Living spaces should be attractive – but they need to be functional at the same time. For instance, with the help of a range of electric devices. But this often produces cable clutter. To avoid this, smart wallpaper, carpets and textiles will supply us with power and communication capability in the future.
The intelligent networking of devices in our own homes makes life safer, more comfortable and also helps save energy. Unfortunately, private households are missing the right power and communication ports in the spots where IoT devices could be installed. The result: cable clutter and batteries that continuously need charging and are not ecologically friendly. What’s more, the radio technology used for communicating between devices requires a lot of electricity and is prone to failure.
The new project ConText could provide an answer. A consortium coordinated by the German Research Center for Artificial Intelligence (DFKI) is developing a user-friendly technology that “hides” the cable-based power supply and communication in smart wallpaper, carpets and textile surfaces.
These “connecting textiles” supply low power and can also communicate with each other via standardized smart home protocols. Users can stick, staple or plug IoT devices onto or into the connecting textiles according to their individual requirements. The electronic textiles also offer new intuitive interaction opportunities. For example, it is possible to control and configure devices via haptic interaction patterns (press/touch). In addition, ensuring data integrity and encryption is naturally of primary importance in a secure communications infrastructure.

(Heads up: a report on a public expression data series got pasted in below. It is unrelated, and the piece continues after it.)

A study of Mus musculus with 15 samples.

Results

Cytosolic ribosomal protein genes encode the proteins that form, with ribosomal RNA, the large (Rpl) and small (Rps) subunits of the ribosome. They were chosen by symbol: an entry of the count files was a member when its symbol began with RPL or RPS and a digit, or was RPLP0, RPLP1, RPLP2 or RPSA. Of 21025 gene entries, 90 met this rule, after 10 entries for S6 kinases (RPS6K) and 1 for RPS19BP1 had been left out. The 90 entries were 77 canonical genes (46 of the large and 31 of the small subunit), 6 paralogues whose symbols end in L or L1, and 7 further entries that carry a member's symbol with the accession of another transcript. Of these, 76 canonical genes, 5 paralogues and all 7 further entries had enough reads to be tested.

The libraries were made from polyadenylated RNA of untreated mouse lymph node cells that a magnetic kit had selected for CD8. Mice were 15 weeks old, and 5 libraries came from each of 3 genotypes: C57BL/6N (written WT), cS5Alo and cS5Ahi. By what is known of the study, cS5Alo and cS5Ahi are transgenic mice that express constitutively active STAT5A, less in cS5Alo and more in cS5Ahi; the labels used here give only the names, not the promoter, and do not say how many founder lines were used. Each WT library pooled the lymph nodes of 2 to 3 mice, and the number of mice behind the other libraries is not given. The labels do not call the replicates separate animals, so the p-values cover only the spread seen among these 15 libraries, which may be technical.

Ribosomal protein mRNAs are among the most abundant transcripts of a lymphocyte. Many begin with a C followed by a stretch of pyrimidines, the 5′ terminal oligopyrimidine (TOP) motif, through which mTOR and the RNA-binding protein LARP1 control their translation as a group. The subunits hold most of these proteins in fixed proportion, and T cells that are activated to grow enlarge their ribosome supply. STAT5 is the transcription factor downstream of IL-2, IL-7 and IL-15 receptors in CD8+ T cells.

Gesture control via connecting textiles
The DFKI is contributing its expertise in the field of artificial intelligence (AI), among other things. For example, the textile surfaces should recognize the basic patterns of control gestures and thus enable smart home devices to be controlled and configured intuitively.
Based on the users’ needs, scientists have also developed modular plug-and-play solutions for IoT components that make it possible to connect the systems easily to the textile surfaces without any special skills.
The ConText project, which was launched on July 1, 2019 and is set to last for three years, is funded by the German Federal Ministry of Education and Research (BMBF) with around 2.9 million euros. The technologies developed are to be assessed in the Bremen Ambient Assisted Living Lab (BAALL) of the DKFI’s Cyber-Physical Systems research department. This lab is an apartment used for testing smart assistance systems.